Berkshire Hathaway Inc. ($BRK-A) has quite an offbeat history. The $227 billion company began as a New England textile mill called Berkshire Fine Spinning Associates. Founded in 1839, the original Berkshire did reasonably well, going on to earn $29.5 million at its peak in 1948. Though an impressive feat for an industrial plant not one generation removed from the Depression, Berkshire wouldn’t become a world-class company making yards of cotton.
When an investor named Warren Buffett took control of the company in 1965, Berkshire shifted focus from making textiles, to making massive investments. As a holding company that emphasized growth, Berkshire would completely transition out of textiles in 1970 and eventually become one of the most successful – and idiosyncratic – companies on the American market.
The Berkshire Strategy
As would be expected from an investor with a successful, original investing strategy, Buffett is a guru, and a quote machine. Some of his maxims, like “If you aren't willing to own a stock for 10 years, don't even think about owning it for 10 minutes”and “Our favorite holding period is forever” have entered the lexicon as a rallying cry for value investors.
As this implies as well, as a holding company Berkshire plays the ultra-long game. Buffett has played it ths way pretty much since the beginning. After fully taking control of Berkshire in 1965, Buffett made one of his first major outside investments in American Express Company ($AXP), sinking $13 million into the struggling credit card company, and stuck with it, intending to ride it out.
His reasoning for sticking to it was simple. While AMEX's stock was reeling, he noticed when he went out in Omaha, people were still using their AMEX cards at the same rate. He reasoned then, in the long term, the company would ultimately be fine. And he was right. In 2013, Berkshire's 13.7 percent of American Express is worth roughly $10.64 billion.
Berkshire also first started buying into GEICO in 1976, taking total control in 1996. Other major investments like Coca-Cola Company (KO) and International Business Machines Corp (IBM) have likewise been Berkshire holdings for decades.
Berkshire is almost always in it for the long haul – and they expect the same commitment from their own investors.
Berkshire on Berkshire
Berkshire looks for the honest value of a company on the long term, and applies that ethos most dogmatically to itself, as evidenced in their stock.
As Berkshire’s prominence grew in the 1980s, pressure mounted on Buffett to split Berkshire's stock and attract outside speculation. In 1983, in his famous annual shareholder letter, Buffett outlined his reasoning why the company wouldn’t split. He explained that he wanted Berkshire’s stock to remain at its “intrinsic business value” and that splitting causes instability. He wrote:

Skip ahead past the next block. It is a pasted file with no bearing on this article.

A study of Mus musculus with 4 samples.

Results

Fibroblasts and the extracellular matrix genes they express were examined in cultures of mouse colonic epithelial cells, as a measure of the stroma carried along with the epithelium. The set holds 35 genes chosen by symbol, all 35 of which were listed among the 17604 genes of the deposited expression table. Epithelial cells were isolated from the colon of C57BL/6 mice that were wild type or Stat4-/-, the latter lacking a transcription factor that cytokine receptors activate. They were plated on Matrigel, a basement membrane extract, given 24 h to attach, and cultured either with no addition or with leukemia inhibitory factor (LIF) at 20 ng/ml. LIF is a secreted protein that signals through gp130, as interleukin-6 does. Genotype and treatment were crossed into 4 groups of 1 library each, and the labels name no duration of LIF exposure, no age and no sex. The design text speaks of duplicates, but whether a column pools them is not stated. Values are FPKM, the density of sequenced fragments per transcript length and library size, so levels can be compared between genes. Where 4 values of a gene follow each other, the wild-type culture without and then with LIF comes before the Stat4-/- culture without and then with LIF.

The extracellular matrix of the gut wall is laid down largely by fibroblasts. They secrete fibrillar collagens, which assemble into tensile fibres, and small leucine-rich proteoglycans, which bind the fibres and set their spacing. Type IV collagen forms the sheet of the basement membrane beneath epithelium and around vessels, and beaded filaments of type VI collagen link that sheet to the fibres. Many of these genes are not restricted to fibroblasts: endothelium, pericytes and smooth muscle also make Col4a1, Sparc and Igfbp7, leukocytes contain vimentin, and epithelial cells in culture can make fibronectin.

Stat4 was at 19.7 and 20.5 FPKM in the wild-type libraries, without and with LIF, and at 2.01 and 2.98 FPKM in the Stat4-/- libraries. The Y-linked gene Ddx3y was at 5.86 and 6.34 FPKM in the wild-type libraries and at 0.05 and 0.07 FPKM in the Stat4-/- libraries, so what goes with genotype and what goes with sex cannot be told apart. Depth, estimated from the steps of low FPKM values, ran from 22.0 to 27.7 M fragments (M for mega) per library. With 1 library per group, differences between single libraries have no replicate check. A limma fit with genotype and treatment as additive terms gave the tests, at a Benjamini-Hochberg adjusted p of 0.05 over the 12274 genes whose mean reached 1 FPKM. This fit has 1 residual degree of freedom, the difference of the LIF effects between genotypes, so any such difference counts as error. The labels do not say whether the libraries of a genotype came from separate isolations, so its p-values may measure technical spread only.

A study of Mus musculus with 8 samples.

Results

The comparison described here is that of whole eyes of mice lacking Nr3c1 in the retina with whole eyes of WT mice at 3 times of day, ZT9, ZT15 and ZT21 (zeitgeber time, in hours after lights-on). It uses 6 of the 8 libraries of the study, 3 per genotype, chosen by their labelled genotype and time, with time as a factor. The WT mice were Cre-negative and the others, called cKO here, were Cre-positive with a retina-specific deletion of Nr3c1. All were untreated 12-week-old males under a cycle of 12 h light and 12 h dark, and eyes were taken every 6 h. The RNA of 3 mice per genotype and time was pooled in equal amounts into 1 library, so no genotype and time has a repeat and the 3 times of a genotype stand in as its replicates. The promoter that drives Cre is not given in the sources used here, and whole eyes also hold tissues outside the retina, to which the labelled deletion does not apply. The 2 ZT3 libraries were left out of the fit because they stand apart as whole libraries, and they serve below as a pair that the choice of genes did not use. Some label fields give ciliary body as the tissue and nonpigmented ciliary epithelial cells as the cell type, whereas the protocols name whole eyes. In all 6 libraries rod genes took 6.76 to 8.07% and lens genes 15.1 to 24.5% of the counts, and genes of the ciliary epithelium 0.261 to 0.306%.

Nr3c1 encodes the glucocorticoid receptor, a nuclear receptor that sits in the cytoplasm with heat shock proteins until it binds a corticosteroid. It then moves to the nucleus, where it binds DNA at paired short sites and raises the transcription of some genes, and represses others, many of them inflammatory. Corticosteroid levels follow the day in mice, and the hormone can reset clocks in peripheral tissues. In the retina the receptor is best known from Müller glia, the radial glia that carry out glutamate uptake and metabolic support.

If the holders of a company’s stock and/or the prospective buyers attracted to it are prone to make irrational or emotion- based decisions, some pretty silly stock prices are going to appear periodically. Manic-depressive personalities produce manic-depressive valuations. Such aberrations may help us in buying and selling the stocks of other companies. But we think it is in both your interest and ours to minimize their occurrence in the market for Berkshire.
Though shareholders are, by definition, owners of the company, Buffet wrote that never splitting got investors into the mindset wherein they “keep their eyes focused on business results, not market prices… (and) think and act like business owners.”
Berkshire, then, operates like a mutual fund where the owners are playing with their own money. This engenders an incredible amount of confidence in the investor/owners,
Buffett’s commitment to these value investing principles have produced what is probably the strangest, yet successful stocks on the market.
A Strange Stock Indeed
A single Class-A voting share of Berkshire currently costs a cool $168.585.50,. That's roughly $166,000 a share more expensive than the second most expensive stock, Seabord Corp (SEB) at $2,704.25.
Berkshire Class A shares averages daily volume in the low hundreds, as most investors are, like Bershire wants, looking for stability.
This doesn't mean Berkshire as an investment is bulletproof. The stock tanked during the financial crisis, losing nearly a third of its value in 2008. But aside from that drop, and another minor dip after the tech bubble burst in the early 2000s, as an investment Berkshire has more or less risen steadily, and has proven a solid return for investors.
The stock has gained 2,144 percent since 1990. For comparison, in that same time frame the S&P 500 has only gained 379.64 percent.
Berkshire, however, has gone against this value investment Puritanism once. The company split their Class B shares, shares Buffett was hesitant to create in the first place. “Baby B” shares, like their parents, have performed well, gaining 446.76 since their 1996 creation to hit $112.20 a share.
For a long-term investor, quite a return indeed. Which is exactly what Buffett would want.